Rising cyber threats are driving the intelligence community and the private sector to pool their resources in the name of national security.
Retired Rear Adm. Tony Cothron, vice president for business development and customer requirements at General Dynamics Information Technology, and Lynn Schnurr, vice president for defense intelligence at General Dynamics, spoke to Federal News Radio’s Jason Miller about that partnership and best practices for the future.
“There were so many situations that we did not have capabilities for over the last decade that we had to very rapidly work together — the IC and industry,” said Schnurr, who is joining Cothron as the policy track leaders during the Intelligence and National Security Summit scheduled for Sept. 9-10. “Things like biometrics, needing to do biometric collection to identify individuals, geo-spacial capabilities; working together to really respond to urgent needs that were coming in from the field.”
Schnurr said it’s important to continue to build upon that work, though it has been frustrating when small or large businesses bring “stovepipe solutions” to the table and expect the government to work out the details.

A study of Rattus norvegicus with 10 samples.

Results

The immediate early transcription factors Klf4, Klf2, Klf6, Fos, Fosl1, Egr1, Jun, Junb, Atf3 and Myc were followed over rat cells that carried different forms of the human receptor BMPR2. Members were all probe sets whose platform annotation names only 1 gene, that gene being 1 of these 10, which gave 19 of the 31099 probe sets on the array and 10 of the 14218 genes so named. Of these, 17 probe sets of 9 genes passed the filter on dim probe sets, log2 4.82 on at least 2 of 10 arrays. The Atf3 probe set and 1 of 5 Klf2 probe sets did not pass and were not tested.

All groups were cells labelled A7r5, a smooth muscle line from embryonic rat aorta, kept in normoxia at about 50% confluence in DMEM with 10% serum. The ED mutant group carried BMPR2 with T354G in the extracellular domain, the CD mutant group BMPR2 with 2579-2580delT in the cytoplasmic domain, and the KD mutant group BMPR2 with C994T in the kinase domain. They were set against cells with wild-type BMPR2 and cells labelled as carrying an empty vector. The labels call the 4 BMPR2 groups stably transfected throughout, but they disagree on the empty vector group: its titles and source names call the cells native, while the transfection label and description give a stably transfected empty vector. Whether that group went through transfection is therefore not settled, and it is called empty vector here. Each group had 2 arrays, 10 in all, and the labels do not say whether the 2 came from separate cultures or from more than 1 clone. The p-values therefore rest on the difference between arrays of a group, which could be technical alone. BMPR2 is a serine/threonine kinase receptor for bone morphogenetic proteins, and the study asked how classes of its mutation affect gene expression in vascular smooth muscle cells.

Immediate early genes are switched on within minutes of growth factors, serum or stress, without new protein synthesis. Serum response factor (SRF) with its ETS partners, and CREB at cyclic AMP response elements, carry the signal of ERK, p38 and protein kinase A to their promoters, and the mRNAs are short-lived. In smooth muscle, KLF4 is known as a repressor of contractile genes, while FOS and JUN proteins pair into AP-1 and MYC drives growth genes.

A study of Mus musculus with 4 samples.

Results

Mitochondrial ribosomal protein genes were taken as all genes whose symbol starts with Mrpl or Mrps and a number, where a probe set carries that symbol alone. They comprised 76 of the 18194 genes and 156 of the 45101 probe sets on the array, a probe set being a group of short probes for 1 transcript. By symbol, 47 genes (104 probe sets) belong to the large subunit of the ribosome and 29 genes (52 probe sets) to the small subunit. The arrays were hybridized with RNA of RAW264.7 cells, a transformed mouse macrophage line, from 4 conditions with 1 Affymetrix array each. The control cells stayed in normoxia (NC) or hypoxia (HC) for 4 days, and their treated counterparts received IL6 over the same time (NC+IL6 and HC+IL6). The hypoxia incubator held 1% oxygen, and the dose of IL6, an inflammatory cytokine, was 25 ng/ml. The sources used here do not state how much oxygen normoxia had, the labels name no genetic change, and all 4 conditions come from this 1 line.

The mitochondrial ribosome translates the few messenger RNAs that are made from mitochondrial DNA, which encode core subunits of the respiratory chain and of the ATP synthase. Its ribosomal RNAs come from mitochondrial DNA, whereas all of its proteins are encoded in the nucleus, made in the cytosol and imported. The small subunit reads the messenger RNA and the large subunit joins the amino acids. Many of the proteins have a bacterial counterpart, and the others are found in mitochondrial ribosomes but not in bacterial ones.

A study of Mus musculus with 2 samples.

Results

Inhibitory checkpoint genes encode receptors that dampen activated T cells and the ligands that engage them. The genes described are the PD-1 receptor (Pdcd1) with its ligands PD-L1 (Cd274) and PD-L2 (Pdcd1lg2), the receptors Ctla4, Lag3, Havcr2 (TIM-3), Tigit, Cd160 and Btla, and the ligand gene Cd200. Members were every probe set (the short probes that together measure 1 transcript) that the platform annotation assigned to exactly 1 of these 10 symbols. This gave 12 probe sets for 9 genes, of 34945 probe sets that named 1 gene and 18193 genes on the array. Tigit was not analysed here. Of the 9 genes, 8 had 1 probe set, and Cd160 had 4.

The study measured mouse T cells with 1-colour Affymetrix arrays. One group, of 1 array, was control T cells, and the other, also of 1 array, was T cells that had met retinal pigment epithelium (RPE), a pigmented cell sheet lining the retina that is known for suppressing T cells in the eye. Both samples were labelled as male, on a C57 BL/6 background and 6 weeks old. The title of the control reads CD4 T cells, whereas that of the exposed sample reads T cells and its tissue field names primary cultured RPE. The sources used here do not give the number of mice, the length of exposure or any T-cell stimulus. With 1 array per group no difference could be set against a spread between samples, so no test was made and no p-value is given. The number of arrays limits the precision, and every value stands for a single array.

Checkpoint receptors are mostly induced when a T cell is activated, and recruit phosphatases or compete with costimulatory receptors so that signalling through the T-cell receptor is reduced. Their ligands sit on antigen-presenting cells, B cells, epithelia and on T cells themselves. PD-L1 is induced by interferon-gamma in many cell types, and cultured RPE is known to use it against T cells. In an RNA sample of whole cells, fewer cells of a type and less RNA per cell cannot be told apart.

Maintaining the progress made between the intelligence community and private sector requires “some trust and confidence,” Cothron said, as well as integrating cybersecurity technology, training the workforce and making it relevant.
“Because we’ve got to keep pace with this threat,” Cothron said. “It’s not just again about the technology, it’s the understanding of that, the training of the people, the development of new trade craft as well as bringing on new sources and methods to keep up with that threat.”
Read more interviews with other experts from the Intelligence and National Security Summit here.